In February 2021, I conducted a study into the performance of US retailer websites, measuring their response times, page load speeds and web vitals.
Table of Contents
- Take the largest retailers by revenue according to the National Retail Federation Top 100 Retailers list
- Exclude grocery retailers on basis that these are often not ecommerce sites, or are new to ecommerce, but retain Kroger as a representative of this group
- Exclude restaurants on basis these are not often ecommerce sites, but retain McDonald's as a representative of this group
- Remove Best Buy as this site has protection from automated testing
- Remove 7-Eleven and Ross Stores as these are stores-focused businesses
- Take the twenty largest retailers from the list that remains
- Choose the home page URL, choosing the TJMaxx brand in the case of TJX Companies
- Perform website performance testing on a Sunday morning, at a time when consumer traffic would be low
- Run each website through the performance measuring tools available at Webpagetest by Catchpoint and record the output for analysis
The list of retailers surveyed in this study is:
2019 Worldwide Revenue, $bn
|US Store Count|
|The Kroger Co.||$122.28||3,003|
|Walgreens Boots Alliance||$136.86||9,168|
|The Home Depot||$110.54||1,973|
|CVS Health Corporation||$88.51||9,909|
|Apple Store / iTunes||$61.34||271|
Data captured in the study included:
Time to first byte - how long did it take for the website to return any data at all
Start render - how long did it take for the page to start rendering
Largest contentful paint (LCP) - how long before the largest amount of content was painted to the browser screen
Cumulative layout shift (CLS) - to what extent did the browser later adjust the position of items on the screen after they had first been rendered
Number of requests / bytes - how many objects were fetched to render the page and how many kilobytes of data was this
The above statistics (and more) were captured both for a simulated first visit to the website and then a repeat visit (returning visitor) when much of the content should have been cached by the browser to avoid a second download.
Highlights Of The Study Results
The largest retailers in the study, Walmart, Amazon and Kroger, all performed well, with sites that responded quickly, optimized image sizes, and made good use of caching to make repeat visits even faster.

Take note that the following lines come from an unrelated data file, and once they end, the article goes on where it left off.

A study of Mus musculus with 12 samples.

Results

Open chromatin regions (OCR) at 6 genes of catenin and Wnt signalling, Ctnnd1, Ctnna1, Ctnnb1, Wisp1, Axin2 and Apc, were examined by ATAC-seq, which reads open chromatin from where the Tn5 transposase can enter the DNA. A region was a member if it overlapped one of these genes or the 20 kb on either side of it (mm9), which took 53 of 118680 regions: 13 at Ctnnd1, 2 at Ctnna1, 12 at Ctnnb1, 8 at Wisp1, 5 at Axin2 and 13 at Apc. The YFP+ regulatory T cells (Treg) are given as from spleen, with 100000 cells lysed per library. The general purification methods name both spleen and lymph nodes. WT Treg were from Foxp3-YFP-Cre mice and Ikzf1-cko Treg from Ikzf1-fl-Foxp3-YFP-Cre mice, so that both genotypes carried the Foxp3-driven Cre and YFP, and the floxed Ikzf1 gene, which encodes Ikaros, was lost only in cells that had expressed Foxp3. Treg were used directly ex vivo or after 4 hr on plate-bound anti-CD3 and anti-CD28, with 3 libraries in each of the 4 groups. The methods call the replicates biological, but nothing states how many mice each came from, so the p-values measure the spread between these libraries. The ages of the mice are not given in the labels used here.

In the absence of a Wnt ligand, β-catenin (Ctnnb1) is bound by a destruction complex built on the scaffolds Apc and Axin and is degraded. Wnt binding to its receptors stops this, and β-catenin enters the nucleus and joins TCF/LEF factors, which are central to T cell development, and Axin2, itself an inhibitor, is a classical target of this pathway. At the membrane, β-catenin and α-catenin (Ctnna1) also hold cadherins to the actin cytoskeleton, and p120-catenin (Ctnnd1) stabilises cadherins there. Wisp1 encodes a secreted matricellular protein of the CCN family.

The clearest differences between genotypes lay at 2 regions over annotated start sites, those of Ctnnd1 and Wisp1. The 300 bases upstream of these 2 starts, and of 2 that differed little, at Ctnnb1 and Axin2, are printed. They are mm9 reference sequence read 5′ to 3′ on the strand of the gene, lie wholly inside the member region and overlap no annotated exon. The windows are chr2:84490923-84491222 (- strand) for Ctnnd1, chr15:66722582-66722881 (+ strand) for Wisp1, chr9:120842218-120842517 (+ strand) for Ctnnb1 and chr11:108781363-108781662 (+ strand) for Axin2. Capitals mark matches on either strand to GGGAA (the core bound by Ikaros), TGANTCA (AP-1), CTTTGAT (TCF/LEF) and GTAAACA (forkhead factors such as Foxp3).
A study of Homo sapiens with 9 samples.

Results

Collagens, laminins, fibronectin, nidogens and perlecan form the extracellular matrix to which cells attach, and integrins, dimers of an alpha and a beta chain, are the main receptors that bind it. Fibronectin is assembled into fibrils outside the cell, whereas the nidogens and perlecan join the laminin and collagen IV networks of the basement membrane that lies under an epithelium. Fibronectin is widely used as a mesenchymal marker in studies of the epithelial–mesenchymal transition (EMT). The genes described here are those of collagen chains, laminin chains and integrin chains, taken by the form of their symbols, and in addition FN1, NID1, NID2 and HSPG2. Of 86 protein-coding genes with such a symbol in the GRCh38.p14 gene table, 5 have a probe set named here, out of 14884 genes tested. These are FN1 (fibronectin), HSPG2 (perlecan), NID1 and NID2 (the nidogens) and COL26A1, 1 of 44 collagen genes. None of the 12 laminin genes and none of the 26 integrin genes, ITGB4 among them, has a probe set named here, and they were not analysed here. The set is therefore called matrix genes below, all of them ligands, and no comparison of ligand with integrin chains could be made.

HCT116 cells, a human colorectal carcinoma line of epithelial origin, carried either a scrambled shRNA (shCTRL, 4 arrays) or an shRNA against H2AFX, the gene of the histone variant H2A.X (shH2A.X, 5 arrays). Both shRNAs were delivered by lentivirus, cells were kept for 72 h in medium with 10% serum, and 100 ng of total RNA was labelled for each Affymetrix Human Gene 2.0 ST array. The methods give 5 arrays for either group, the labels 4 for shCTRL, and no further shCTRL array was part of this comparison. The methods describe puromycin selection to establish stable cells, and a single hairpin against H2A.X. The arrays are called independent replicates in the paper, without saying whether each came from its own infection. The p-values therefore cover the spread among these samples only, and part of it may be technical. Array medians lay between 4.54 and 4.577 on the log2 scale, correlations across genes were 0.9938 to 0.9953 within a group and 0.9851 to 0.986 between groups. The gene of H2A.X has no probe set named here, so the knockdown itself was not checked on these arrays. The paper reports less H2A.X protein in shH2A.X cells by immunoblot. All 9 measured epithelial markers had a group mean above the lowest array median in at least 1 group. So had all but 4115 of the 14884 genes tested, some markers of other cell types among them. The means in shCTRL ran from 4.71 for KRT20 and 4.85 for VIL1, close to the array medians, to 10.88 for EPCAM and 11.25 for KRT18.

TJX, Dollar General and Dollar Tree were the worst performing sites with poor response times, and significant layout shifts occurring several seconds after the sites started to load.
Most Shocking Mistake
Dollar General in particular had a shocking mistake on their site. Two JPEG images for their Valentine's Day marketing campaign between them accounted for 44MB of data downloaded to render the home page. One image was a whopping 6720 x 4480 pixels, with metadata still showing it was captured on a Canon EOS 5D Mark IV with an F-Stop of f/13 and 1/125 sec exposure time. This meant a visitor to the Dollar General home page needed to download 52,647 KB of data to fully render it. This rookie error caused the home page to take 93 seconds to fully complete in our test, dwarfing the next slowest site by over a minute.
Excessive Object Count
Best and Worst Time To First Byte
McDonald's recorded the fastest time to first byte - the time taken to start to receive any data from the website at a very speedy 0.149 seconds. Apple and Costco were only a few milliseconds behind.
AT&T Wireless had the poorest performance at 0.713 seconds, which actually worsened to 0.740 seconds on the second run. Walmart was not much better at 0.563 seconds on the first run and 0.6124 seconds for the repeat visit.
Largest and Smallest Web Pages
As mentioned above Dollar General had the largest web page at 52,647 KB with the next largest being AT&T Wireless at 7,870 KB. These figures improved to 3,814 KB and 846 KB respectively on the second visit, to record excellent ratios of 7.2% and 6.0% compared to their first loads.
Dollar Tree had the smallest web page at 942 KB with the next smallest being Kroger at 1,419 KB. On a repeat visit, Dollar Tree registered a miniscule 21 KB compared to Kroger at 304 KB, both at an acceptable 18% ratio compared to their first visit sizes.
Best and Worst Cumulative Layout Shift
Target and Apple both had essentially zero CLS figures, meaning their web teams have carefully ensured their home pages are sized and laid out correctly and not subject to disruptive layout changes as images and other content is loaded. AT&T and Walgreens also had very good scores for this metric.
Surprisingly given their dominance in web commerce, Amazon scored the worst value for CLS, with Costco and CVS also notably poor performers. This was as true for all three on the repeat visit tests.